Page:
The Cairngorms National Park Planning Committee on 8th July 2016 were informed under Any Other Business of the unlawful creation of yet another hill track in the National Park – at the head of Glen Banchor on the Cluny Estate. This was reported in the Strathy and the minute records that “The Committee were advised that there were ongoing investigations being carried out……………and agreed to delegate enforcement powers to Officers should they be required”. There was no further report under Matters Arising at the August Planning Meeting and I have been unable to find any further information: there has been no retrospective planning application submitted on the planning portal. Complete silence from the National Park.
I had been sent some photos of track and three weeks ago I went to look for myself, starting from Cluny Castle, over Srath an Eilich to Glen Banchor and then,from Dalnashallag bothy took the track to the summit of Carn Leth Choin.
My OS maps which are at least 20 years old show the Srath an Eilich track stopping at the bothy. Interestingly the map on the National Park planning portal also sees the track stopping here.
The creation of the track has not stopped off-track use of vehicles on the south side of the Allt Madagain.
The slopes on the south side of the Allt Madagain are just inside the Monadliath wild land area. One wonders how long it will be before the estate decides a track is needed here too?
The older section of the track is too steep – far steeper than in SNH’s Guidance on Hill tracks – and is eroding. Its only a matter of time before this track washes out.
This culvert also contravenes SNH’s good practice guidance – neither track nor culvert are appropriate in wild land areas in a National Park.
The aggregate has been dumped onto the hillside and in time will erode out over the grass slopes on the right.
The aggregate has been “won” from borrow pits at the side of the track, adding to the destruction of the summit heath.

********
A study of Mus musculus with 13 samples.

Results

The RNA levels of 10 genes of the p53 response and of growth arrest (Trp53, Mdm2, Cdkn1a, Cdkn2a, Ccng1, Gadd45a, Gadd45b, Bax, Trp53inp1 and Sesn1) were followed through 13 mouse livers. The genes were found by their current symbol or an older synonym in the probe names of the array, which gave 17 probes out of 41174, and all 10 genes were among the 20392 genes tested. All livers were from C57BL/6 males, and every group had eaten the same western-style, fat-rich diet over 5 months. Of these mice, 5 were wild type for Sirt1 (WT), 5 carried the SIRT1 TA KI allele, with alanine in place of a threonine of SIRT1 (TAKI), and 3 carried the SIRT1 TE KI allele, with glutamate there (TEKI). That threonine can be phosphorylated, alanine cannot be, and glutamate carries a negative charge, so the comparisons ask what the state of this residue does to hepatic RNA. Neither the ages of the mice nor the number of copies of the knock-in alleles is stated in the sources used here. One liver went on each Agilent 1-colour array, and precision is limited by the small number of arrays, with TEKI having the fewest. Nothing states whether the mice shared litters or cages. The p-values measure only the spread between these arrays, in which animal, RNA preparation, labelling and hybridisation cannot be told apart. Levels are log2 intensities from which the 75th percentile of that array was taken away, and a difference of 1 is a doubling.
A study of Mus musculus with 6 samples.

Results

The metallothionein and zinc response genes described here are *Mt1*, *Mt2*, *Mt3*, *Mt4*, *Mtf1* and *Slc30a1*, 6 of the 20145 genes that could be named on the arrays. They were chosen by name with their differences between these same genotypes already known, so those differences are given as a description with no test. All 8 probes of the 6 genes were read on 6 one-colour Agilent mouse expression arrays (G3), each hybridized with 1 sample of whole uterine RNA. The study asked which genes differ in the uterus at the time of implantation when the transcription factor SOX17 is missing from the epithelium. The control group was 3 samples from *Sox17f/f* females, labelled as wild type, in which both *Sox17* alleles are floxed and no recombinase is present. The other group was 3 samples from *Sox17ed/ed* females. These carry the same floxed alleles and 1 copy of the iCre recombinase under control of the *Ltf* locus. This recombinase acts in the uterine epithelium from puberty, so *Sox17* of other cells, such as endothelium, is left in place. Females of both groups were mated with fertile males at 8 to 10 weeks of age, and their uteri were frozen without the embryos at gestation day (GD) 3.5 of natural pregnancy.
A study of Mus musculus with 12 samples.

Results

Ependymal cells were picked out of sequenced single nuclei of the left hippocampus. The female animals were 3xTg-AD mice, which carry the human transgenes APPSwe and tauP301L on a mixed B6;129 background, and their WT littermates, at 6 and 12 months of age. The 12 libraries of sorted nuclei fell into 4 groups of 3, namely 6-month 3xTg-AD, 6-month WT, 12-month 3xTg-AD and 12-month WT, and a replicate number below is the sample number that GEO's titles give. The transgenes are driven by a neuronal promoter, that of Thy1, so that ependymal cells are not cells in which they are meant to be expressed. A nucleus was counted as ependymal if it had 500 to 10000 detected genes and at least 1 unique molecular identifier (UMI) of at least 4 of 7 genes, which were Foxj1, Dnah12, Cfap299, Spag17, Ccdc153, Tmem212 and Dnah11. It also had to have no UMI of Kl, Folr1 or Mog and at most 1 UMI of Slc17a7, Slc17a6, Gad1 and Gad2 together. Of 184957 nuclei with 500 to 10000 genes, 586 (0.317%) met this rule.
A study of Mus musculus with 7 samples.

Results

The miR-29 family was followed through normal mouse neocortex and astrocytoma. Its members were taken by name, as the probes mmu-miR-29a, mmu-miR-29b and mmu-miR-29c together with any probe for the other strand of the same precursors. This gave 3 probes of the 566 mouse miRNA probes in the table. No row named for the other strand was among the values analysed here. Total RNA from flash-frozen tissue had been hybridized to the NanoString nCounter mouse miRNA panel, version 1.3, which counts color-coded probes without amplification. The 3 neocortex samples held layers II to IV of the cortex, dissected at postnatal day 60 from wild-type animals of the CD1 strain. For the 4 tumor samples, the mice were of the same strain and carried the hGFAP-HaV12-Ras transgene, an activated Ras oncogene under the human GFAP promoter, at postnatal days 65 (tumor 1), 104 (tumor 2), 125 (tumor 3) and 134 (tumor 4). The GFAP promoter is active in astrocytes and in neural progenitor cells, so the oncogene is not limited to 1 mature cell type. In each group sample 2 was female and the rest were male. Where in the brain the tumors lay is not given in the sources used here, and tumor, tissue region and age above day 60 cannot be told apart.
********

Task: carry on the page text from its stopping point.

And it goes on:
You can even see the joins between the aggregate sourced from different borrow pits.
How can the National Park justify not taking prompt action about this?
The end of the constructed track – but vehicles continue from here along the ridge.
This is another example of hill tracks being unlawfully constructed in an area of wild land. Landowners need to notify the planning authority about all new tracks, and seek their views, and in planning terms all planning auuthorities now need to take account of wild land areas. In our National Park there should be no “ifs” and “buts” but a clear commitment to protect wild land. This track is also within the Monadhliath Site of Special Scientific Interest and Special Area of Conservation. Within SSSIs there are certain operations that require consent from SNH and among those listed for the Monadliath SSSI are the following:
20 Extraction of minerals including peat, sand and gravel, topsoil, sub-soil, limestone and spoil. COMMENT: so the estate needed permission before digging the borrow pits
21 Construction, removal or destruction of roads, tracks, walls, fences, hardstands, banks, ditches or other earthworks, or the laying, maintenance or removal of pipelines and cables, above or below ground. COMMENT: so the estate needed permission before constructing this track – did they ask and was it granted?
26 Use of vehicles or craft except on existing tracks. COMMENT: so has the estate got permission from SNH to drive its vehicles beyond the end of the new track?
Another reason for the CNPA to take action, both it and SNH need to work together to sort this track out (just as they need to do at Dinnet (see here)). The problem for the concerned public is there is a complete lack of transparency about what, if anything, is being done. A first step towards improvement would be if the National Park published all cases where it was investigating the need for enforcement action as well as what enforcement action it has taken http://cairngorms.co.uk/wp-content/uploads/2015/09/Planningenforcementregister1.pdf. The second problem is that the CNPA takes so long to take enforcement action that landowners reckon they can get away with anything – this is undermining the whole purpose of the National Park.
The new National Park Partnership Plan, which is due to be sent to Ministers for approval in a couple of months, could signal a change of direction and set out a new sense of purpose in respect of hill tracks if it made a commitment to:
- mark the extent of all hill tracks in the National Park on a public map (as Kincardine and Deeside did 20 years ago) so that its easy for the public to report any unlawful new tracks
- taking immediate enforcement action against any new hill tracks which are created without planning permission or prior notification and that these should be restored stone by stone if necessary
- work with SNH, using powers under the SSSI legislation, to stop off-road use of vehicles in protected sites and to consider the introduction of byelaws to do the same in areas which are not SSSIs.